The old woman smacks her now toothless gums. It is her anniversary today. Forty years have elapsed since that fateful day when she left her family, left all she had known, for the man she loved. He had been kind to her, and loved her in his way. He had been patient with her, holding her as she burst into wailing, keening tears, her whole body quaking, as they made love.
Was it only ten years ago that he thoughtlessly died, leaving her childless and alone?
She smacks her gums. Those ties were severed long ago when she had done the unforgivable. At first, her love for him had been enough. He had been her whole world, and she justified her disloyalty, believing zealously that she couldn’t deny what her heart desired. The fog of love had carried her through their first year together.
The first lost pregnancy had shaken her resolve. She had yearned for her sister’s understanding and comfort, her mother’s arms. It was only then that the enormity of her actions, the repercussions of her choices, came into clear view.
She had heard third-hand, fourth-hand, at the distance of many hands, that her sister had howled like a trapped animal the day she left. The heavens and her sister’s heart had both rent asunder releasing their deluge that day. Guilt and shame had cloaked her then.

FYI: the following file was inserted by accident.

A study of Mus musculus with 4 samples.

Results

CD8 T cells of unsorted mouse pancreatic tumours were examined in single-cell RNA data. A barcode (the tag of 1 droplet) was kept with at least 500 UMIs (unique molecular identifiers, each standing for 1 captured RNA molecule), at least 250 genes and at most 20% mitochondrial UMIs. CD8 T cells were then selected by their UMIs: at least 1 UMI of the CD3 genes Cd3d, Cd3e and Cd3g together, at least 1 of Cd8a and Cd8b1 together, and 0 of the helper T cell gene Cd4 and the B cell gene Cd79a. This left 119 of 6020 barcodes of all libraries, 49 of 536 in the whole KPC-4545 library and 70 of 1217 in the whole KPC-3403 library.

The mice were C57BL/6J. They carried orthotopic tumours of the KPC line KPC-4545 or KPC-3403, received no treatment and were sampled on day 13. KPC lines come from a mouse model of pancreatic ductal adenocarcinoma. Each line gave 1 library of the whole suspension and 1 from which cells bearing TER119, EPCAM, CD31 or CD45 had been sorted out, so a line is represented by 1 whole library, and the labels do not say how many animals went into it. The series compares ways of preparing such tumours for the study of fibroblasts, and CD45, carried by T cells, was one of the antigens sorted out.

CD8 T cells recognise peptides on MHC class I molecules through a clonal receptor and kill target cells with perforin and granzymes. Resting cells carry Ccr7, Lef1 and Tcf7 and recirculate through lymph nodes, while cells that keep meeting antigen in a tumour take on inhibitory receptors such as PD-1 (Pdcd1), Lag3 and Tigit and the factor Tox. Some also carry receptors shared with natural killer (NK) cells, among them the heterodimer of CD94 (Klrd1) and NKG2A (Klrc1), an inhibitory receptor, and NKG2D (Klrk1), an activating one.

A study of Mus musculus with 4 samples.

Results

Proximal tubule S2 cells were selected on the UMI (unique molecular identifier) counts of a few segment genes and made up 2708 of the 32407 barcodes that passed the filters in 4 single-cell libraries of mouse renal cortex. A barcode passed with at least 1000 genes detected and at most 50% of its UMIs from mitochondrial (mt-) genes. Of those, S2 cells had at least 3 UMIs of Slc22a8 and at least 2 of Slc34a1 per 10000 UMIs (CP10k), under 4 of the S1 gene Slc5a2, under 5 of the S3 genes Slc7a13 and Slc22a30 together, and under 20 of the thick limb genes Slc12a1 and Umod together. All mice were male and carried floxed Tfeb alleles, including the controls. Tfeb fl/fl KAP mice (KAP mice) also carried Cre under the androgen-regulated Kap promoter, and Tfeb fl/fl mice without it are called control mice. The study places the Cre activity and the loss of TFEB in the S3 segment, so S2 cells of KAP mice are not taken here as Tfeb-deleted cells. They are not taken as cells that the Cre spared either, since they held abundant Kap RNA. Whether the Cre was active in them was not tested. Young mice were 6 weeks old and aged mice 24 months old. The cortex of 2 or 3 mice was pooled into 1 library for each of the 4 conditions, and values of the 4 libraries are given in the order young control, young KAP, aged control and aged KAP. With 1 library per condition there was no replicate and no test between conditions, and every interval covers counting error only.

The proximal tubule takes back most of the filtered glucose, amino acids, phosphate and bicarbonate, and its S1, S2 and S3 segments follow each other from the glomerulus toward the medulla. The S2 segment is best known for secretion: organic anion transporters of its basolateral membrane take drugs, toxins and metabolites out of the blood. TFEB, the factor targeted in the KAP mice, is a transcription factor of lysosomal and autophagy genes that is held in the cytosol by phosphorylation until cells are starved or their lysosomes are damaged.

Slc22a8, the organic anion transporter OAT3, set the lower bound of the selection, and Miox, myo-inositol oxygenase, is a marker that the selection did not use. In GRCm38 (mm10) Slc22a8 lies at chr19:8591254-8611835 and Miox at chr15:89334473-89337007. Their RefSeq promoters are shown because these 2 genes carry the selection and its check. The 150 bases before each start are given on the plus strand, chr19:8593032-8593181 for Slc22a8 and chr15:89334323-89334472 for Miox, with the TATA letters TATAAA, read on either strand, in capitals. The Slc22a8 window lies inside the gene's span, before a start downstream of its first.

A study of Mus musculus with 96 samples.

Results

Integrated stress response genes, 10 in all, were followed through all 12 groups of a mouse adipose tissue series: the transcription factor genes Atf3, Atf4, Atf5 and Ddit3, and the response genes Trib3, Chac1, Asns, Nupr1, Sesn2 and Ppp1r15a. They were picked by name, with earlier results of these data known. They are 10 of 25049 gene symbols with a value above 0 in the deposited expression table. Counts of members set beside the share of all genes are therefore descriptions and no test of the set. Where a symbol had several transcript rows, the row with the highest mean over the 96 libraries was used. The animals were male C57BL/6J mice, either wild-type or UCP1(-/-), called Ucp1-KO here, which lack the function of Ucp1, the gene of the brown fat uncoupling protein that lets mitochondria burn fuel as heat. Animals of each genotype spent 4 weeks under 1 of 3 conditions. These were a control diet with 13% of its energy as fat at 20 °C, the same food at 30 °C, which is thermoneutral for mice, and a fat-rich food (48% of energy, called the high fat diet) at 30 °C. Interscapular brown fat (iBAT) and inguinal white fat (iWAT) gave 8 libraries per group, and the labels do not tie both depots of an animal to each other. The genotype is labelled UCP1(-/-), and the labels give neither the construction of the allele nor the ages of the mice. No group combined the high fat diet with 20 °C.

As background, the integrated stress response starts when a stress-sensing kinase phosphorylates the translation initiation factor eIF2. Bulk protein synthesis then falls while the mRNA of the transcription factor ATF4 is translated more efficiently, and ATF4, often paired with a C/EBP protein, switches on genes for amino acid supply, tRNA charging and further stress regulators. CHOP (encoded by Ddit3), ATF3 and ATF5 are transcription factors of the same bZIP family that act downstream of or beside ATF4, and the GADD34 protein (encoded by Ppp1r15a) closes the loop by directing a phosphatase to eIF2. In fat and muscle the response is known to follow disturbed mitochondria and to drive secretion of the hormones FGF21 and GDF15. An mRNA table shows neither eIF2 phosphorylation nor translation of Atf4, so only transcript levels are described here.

She smacks her gums. She had known that what she was doing was a betrayal, but her sister had not loved him. It was an arranged marriage, a sentence to be endured. She had assumed that her sister would recover, marry another, have many children, and be happy. She was wrong.
Today, she dons her courage to visit her sister. Her parents are long gone, her husband dead, seven babies extinguished before they could draw their first breath, she has nobody left. She presses down the rising bile, swallows the bitter taste of pride, and begins the long journey to her ancestral home.
The red wrought-iron gates that lead to the house creak at her push. The heady smell of jasmine that lines the dirt drive disorients her, sends her hurtling backwards through time. She reaches the cool darkness of the portico that abutts the front room, and limps painfully, nervously up each step to the always-open door, as filmy ghosts of the children they were scatter from her path.
Paru, the long-serving maidservant, is the first to spot her. She is old too, and hop-limps to greet her. Paru paws at her face, not quite certain whether she is real or an apparition, another spectre that haunts this house. Her hand stops mid-stroke, muscles tensing, and a squealing lament escapes her lips.
She is too late. Her sister too, has left this life, alone, heart-broken, and calling for her sister with her last breath.
She smacks her gums, feeling the edges of the sister-shaped hole that had formed in her heart.